Sanford C. Bernstein analyst Toni Sacconaghi reckons Apple could capture an additional $2.3 billion of cash flow a year if it started selling a $250 iWatch. However, a number of reports have appeared suggesting that iWatch may not be the best path for Apple.
Sanford C. Bernstein analyst Toni Sacconaghi reckons Apple could capture an additional $2.3 billion of cash flow a year if it started selling a $250 iWatch.
However, a number of reports have appeared suggesting that iWatch may not be the best path for Apple. Forbes suggests that the wristband smartphone accessory will not have enough kudos attached for it for Apple; and Fortune thinks that the watch market is too low-margin to be worth Apple's effort.
Sacconaghi said: "The successful introduction of the [iWatch] device could illustrate that innovation remains high at Apple and underscore the option value of owning Apple as a platform company - ie, having a large and loyal iOS installed base that Apple can sell additional products and services into," writes Forbes' Haydn Shaughnessy.
He concedes that: "If any company can make a success of a smart watch, it is Apple because Apple will explore the use-case more fully that its competitors could."
However: "I cannot believe Tim Cook will want a legacy of people checking their watches every five minutes. An iWatch will not revive its [Apple's] reputation for innovation and it's easy to read the figures as a gouge on existing customers."
"Apple needs to think of its next generation of products. If it is a wristband smartphone accessory, how much kudos will come with it? Next to none. On the other hand there is a bridge to be built between computing and wearables," suggests Shaughnessy, suggesting that Apple should instead market its own line of clothing.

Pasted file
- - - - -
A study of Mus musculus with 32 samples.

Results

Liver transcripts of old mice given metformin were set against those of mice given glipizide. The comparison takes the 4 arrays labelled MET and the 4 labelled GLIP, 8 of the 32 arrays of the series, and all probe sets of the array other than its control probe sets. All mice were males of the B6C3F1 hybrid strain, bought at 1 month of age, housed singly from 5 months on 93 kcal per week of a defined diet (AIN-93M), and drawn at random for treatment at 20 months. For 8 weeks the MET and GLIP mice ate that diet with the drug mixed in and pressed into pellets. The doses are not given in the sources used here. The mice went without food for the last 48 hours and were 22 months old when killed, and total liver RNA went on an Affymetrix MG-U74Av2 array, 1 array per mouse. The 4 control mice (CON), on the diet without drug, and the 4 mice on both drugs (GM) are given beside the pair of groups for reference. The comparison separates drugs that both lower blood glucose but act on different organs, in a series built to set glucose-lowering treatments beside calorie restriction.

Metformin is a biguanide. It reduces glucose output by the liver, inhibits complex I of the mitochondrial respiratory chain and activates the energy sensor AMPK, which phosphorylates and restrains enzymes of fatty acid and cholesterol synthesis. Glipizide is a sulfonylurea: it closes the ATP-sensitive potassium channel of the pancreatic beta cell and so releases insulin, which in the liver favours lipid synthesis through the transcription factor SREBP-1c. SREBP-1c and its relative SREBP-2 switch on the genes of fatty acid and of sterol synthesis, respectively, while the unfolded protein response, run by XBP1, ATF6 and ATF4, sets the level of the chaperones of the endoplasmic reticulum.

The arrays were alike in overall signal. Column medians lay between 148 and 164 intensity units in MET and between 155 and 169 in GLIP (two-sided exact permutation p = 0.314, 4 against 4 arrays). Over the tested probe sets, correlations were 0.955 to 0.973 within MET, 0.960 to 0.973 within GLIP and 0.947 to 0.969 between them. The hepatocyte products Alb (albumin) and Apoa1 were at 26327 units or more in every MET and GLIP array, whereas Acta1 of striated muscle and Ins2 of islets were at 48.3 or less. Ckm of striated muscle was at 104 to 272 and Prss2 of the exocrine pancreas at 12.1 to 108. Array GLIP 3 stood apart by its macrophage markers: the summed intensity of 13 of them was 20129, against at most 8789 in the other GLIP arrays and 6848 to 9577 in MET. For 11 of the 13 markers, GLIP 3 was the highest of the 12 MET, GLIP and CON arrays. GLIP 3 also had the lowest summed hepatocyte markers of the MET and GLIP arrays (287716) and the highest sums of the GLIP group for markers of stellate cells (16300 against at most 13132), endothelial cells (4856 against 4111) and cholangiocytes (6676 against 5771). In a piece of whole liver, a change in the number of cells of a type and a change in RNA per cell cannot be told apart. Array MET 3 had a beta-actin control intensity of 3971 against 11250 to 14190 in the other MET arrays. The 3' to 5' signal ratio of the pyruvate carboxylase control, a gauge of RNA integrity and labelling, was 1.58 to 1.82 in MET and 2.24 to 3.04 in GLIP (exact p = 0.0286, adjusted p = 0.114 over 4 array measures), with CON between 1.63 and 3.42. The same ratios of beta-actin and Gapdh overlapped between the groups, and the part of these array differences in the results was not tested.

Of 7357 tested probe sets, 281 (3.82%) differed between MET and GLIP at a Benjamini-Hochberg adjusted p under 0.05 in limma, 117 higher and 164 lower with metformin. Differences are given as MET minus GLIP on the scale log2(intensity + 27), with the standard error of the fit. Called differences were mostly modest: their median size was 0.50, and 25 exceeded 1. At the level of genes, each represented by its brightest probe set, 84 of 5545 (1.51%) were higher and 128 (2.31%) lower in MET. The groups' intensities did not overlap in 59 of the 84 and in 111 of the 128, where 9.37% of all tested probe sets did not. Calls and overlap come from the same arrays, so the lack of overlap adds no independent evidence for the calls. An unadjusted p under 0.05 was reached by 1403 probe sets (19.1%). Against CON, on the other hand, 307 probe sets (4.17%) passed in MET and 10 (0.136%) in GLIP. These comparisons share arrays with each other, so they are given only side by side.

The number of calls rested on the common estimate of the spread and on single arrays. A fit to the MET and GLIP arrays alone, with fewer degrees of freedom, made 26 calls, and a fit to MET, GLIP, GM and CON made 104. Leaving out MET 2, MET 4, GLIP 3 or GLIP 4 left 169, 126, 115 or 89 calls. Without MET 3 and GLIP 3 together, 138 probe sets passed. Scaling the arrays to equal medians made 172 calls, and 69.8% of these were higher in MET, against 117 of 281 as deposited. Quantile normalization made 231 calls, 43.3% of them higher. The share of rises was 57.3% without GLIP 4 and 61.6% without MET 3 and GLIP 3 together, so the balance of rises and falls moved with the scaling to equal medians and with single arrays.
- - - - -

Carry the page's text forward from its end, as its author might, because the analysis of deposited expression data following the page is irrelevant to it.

iWatch will be a "grave mistake"
It will be a "grave mistake" if Apple (and Samsung) enter the "low-margin cellular accessory market" writes Fortune's Cyrus Sanati.
Sanati notes: "The competition is fierce and the barriers to entry are incredibly low."
He adds that an iWatch is likely to appeal only to a "limited subset of consumers of unfashionable geeks and pudgy weekend warriors."
Sanati also makes the observation that: "Your supposed smartwatch would be pretty dumb without a smartphone in close proximity."
A dumb watch
The iWatch wouldn't actually be Apple's first entry into the watch market. There was an ecosystem of watch straps which sprung up around the iPad nano leading Apple to ship a number of software watch faces with the device. The company has now stopped shipping the watch shaped nano.
"Why didn't iPod nano watch work?" asks a Gigaom report.
"I continued to wear my iPod nano as a watch for a little over a year in all before the novelty of wearing an iPod as a watch stopped outweighing its shortcomings as an actual watch," writes Geoffrey Goetz.
The shortcomings were the need to regularly recharge the battery; daily syncing requirements; earphone cable issues; and the fact that "it just could not tell the time" The clock face wasn't always on, he explained, noting: "Having to turn on your watch to tell the time sort of defeats the purpose of placing it on your wrist in the first place."
In defence of Google Glass
On another matter of wearable technology, Mashable is defending the Google Glasses from the privacy advocates in an article entitled: "I, for One, Welcome Our Google Glass-Wearing Cyborg Overlords". The article suggests that
"Heaven forbid that here, in the 2010s, jetpack-less and flying car-free, we might actually gain an item of personal gear that looks the teensiest bit futuristic".
If Google Glass is successful we'll all be on camera 24 hours a day as we become Google's eyes and ears on the world. This is likely to cause privacy concerns. In fact a Seattle cafe has already announced that anyone wearing Glass will be banned from the establishment.